March 7, 2010

Blogs come in many different flavours

If you’ve ever thought to yourself “I want to start a blog” you may have also thought about what kind of blogger you wanted to be. A few days ago I read a great essay about different blogger archetypes (you have to scroll down a while), and it inspired me to look through the blogs I read and try to find distinct blog archetypes. Since this is a deep well of a subject, I’ve decided to split it up and cover one archetype per post until I run out.

Skier Warning Sign

Sorry, your blog isn't a unique snowflake

First up: the notebook

A lot of bloggers depend heavily on personal anecdotes to introduce articles or ideas. One such blog is Lexington’s notebook (the inspiration for the name of the category). Since this blog actually rotates authors depending on who is the current Lexington column, the blogging style will be feel a bit different if you happen to read far back enough.

First, here are a few examples of posts and why they fit into the notebook archetype:

The view from a Wal-Mart parking lot: As the title suggests, the post focuses on views from people presumably interviewed outside of a Wal-Mart (in Forrest City, Arkansas). The post continues to look, in a broader way, at how President Obama’s governing is affecting conservative democratic districts. The usefulness of this kind of introduction versus, say, quoting an article from a newspaper about conservative democrats is that this is more eye-catching. I’m more willing to read a bit of story at the beginning of a post than one that dives straight into quoting other reporting.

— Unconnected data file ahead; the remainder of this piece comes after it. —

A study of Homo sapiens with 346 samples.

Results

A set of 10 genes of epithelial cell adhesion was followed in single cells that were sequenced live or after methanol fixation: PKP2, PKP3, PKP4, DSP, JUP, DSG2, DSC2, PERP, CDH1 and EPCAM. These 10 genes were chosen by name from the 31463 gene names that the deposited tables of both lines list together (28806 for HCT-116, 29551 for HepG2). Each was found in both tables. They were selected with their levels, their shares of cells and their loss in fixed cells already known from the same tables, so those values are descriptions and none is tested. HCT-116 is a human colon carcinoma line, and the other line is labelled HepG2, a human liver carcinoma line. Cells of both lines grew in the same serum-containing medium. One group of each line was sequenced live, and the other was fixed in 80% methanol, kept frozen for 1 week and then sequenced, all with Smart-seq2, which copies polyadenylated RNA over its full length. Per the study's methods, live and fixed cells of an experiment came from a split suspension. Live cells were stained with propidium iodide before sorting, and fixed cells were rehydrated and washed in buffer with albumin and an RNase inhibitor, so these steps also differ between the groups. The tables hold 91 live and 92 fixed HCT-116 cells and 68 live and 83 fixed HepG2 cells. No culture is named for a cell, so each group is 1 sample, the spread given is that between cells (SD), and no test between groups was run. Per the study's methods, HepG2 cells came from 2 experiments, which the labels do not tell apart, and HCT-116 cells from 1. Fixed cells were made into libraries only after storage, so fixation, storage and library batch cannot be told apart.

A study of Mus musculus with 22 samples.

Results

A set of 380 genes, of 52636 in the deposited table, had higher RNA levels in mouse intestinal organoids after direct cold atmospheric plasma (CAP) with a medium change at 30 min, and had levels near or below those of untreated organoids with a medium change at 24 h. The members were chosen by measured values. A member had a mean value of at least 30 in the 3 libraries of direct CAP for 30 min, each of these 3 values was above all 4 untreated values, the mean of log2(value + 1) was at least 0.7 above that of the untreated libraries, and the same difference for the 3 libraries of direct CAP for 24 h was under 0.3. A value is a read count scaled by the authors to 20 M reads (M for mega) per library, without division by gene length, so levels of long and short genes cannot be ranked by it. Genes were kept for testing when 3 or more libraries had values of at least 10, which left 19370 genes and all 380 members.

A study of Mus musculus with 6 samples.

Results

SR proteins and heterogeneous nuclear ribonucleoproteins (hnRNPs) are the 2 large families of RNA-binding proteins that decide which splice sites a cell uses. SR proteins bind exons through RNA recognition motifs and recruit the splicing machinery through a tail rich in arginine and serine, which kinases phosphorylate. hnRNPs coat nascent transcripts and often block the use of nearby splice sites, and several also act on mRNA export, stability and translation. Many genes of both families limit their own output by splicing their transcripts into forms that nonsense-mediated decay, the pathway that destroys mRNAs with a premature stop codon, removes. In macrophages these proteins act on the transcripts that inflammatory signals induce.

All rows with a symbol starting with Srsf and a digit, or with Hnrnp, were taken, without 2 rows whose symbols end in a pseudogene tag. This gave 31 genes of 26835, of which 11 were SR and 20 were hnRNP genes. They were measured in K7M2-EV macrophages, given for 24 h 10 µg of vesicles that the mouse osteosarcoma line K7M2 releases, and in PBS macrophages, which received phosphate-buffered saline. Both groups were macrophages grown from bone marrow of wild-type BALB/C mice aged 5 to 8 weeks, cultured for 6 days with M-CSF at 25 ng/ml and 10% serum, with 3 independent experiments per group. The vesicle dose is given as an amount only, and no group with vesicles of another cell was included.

Is a tap on the shoulder a violent crime: The personal element of this story is minute, but important. It introduces the scene in a way that more impersonal writers can’t compare with. (As I write this, I wonder why I don’t try to write noteb00k-style, as I find it more and more interesting doing this research.) To delve into journalism cliches, starting the post with “I” gives the post immediacy. Something is happening and now I and other readers are curious as to what that might be.

Notebooks aren’t quotebooks

For a comparison, here are some columns from the old Lexington blogger, whose writing relied more on quotations and straight-on descriptions: Cornstock lives, Two nations, The issue of issue. I don’t think this style is as interesting. In the most unscientific of explanations, I read much more of the new Lexington’s posts than the old ones and I attribute it the change in writing styles.

What archetype is your blog? What archetype is my blog, for that matter? Stay tuned for the next installment.